Former Alabama Judge Roy Moore announced Thursday that he will make another bid for the Alabama Senate seat he lost to Democrat Doug Jones in 2017 in the face of sexual misconduct allegations.

Why it matters: Moore was almost guaranteed a win as the Republican nominee in Alabama’s 2017 special election, but a wave of sexual misconduct allegations, largely involving teenage girls, derailed his candidacy. The resulting chaos handed Jones a narrow 49.9%-48.4% victory — making him the first Democrat to hold statewide office in Alabama since 2008.

What they’re saying: President Trump, who backed Moore in his previous run, tweeted last month that "Republicans cannot allow themselves to again lose the Senate seat in the Great State of Alabama," adding that Moore "cannot win."

  • In response, Moore told Politico: The president doesn’t control who votes for the United States Senate in Alabama."
  • Sen. Richard Shelby, the senior senator from Alabama, also said that he believes a Moore run could hand the election to Jones. In response, Moore tweeted that if "Senator Richard Shelby would have stayed out of the 2017 race, Doug Jones would not be in the Senate now."
  • In a response to Moore's announcement, the Mitch McConnell-backed Senate Leadership Fund said on Thursday: "We believe most Alabama Republicans realize that nominating Roy Moore would be gift wrapping this Senate seat for Chuck Schumer."

The big picture: The GOP's majority in the Senate has had major implications over the past two years, as judicial nominations — including two to the Supreme Court — have often been decided by a handful of votes. Now, with an aging SCOTUS and a number of judicial seats remaining vacant, the fate of just one Senate spot holds serious consequences.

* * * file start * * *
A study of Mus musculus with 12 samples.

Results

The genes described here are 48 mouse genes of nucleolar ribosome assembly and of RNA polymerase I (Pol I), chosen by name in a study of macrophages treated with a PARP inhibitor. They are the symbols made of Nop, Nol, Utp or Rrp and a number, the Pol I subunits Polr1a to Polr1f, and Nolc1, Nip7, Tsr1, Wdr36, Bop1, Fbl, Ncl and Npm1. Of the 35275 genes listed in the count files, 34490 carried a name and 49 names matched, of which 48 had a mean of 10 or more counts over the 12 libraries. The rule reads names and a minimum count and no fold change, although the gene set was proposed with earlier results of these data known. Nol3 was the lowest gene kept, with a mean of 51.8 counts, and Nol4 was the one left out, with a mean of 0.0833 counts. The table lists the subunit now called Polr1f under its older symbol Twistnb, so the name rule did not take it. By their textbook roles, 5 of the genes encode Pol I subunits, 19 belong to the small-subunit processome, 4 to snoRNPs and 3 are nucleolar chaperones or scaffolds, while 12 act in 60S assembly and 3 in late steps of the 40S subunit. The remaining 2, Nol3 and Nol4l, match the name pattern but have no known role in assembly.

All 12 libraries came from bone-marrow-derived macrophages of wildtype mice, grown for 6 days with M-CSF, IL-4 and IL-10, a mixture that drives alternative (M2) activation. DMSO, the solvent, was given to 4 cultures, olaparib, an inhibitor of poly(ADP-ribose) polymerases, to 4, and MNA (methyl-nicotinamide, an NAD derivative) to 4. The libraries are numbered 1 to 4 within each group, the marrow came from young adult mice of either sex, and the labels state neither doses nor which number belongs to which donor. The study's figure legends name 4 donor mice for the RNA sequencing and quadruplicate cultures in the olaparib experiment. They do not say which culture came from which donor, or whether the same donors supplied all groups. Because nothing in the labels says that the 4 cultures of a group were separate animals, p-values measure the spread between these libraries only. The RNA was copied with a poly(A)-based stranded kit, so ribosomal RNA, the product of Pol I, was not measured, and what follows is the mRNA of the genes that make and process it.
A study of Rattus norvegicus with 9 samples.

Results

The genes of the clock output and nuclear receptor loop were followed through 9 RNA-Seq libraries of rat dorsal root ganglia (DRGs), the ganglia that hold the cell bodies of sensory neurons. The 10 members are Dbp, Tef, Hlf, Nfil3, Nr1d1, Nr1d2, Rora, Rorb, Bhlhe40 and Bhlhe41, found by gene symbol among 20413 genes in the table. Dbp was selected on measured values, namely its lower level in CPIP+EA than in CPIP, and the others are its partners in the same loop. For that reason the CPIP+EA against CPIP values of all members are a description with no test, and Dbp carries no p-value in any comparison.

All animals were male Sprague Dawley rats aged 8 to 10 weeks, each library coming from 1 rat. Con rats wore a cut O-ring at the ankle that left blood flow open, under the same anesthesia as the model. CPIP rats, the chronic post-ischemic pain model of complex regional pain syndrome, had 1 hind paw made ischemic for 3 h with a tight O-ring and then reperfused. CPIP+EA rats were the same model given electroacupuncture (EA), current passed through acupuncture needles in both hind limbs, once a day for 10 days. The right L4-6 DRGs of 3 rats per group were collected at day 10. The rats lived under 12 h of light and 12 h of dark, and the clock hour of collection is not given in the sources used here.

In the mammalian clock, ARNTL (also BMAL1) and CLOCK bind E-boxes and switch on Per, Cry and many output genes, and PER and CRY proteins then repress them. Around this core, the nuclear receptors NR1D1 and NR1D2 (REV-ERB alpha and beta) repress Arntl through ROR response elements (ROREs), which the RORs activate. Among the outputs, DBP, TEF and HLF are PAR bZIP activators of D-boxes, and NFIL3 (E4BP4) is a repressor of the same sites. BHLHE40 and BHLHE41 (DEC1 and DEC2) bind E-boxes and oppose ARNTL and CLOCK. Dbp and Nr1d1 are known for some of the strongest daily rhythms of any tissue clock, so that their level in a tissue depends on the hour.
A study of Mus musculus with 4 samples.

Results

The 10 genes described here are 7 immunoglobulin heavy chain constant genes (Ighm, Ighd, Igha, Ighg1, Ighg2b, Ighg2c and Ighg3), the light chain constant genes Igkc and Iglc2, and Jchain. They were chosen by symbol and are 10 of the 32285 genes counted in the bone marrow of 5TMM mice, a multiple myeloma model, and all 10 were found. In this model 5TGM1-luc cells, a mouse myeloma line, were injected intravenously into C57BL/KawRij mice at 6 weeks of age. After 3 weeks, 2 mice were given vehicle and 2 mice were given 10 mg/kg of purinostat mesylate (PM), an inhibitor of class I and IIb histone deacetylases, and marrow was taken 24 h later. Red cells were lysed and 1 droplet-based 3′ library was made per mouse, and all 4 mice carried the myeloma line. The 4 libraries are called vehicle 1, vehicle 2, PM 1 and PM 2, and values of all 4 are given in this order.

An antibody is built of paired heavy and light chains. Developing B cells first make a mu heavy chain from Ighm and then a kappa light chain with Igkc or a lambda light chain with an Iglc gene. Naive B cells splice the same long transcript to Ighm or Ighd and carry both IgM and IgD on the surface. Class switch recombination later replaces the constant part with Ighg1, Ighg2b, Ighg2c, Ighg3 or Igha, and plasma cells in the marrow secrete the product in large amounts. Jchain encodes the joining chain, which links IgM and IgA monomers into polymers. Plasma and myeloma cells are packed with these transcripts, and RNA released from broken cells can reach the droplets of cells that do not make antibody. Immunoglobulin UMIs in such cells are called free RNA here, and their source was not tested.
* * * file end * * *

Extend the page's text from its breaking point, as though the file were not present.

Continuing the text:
What to watch: Moore is entering an already crowded field, with seven other Republicans already registered for the primary.

Go deeper: Roy Moore sees uptick in polls ahead of 2020 Senate race

Go deeper

The rebellion against Silicon Valley (the place)

Photo illustration: Sarah Grillo/Axios. Smith Collection/Gado via Getty Images

Silicon Valley may be a "state of mind," but it's also very much a real enclave in Northern California. Now, a growing faction of the tech industry is boycotting it.

Why it matters: The Bay Area is facing for the first time the prospect of losing its crown as the top destination for tech workers and startups — which could have an economic impact on the region and force it to reckon with its local issues.

Erica Pandey, author of @Work
1 hour ago - Economy & Business

Telework's tax mess

Illustration: Annelise Capossela/Axios

As teleworkers flit from city to city, they're creating a huge tax mess.

Why it matters: Our tax laws aren't built for telecommuting, and this new way of working could have dire implications for city and state budgets.

Wanted: New media bosses, everywhere

Illustration: Sarah Grillo/Axios

The Washington Post, Los Angeles Times, Reuters, HuffPost and Wired are all looking for new editors. Soon, The New York Times will be too.

Why it matters: The new hires will reflect a new generation — one that's addicted to technology, demands accountability and expects diversity to be a priority.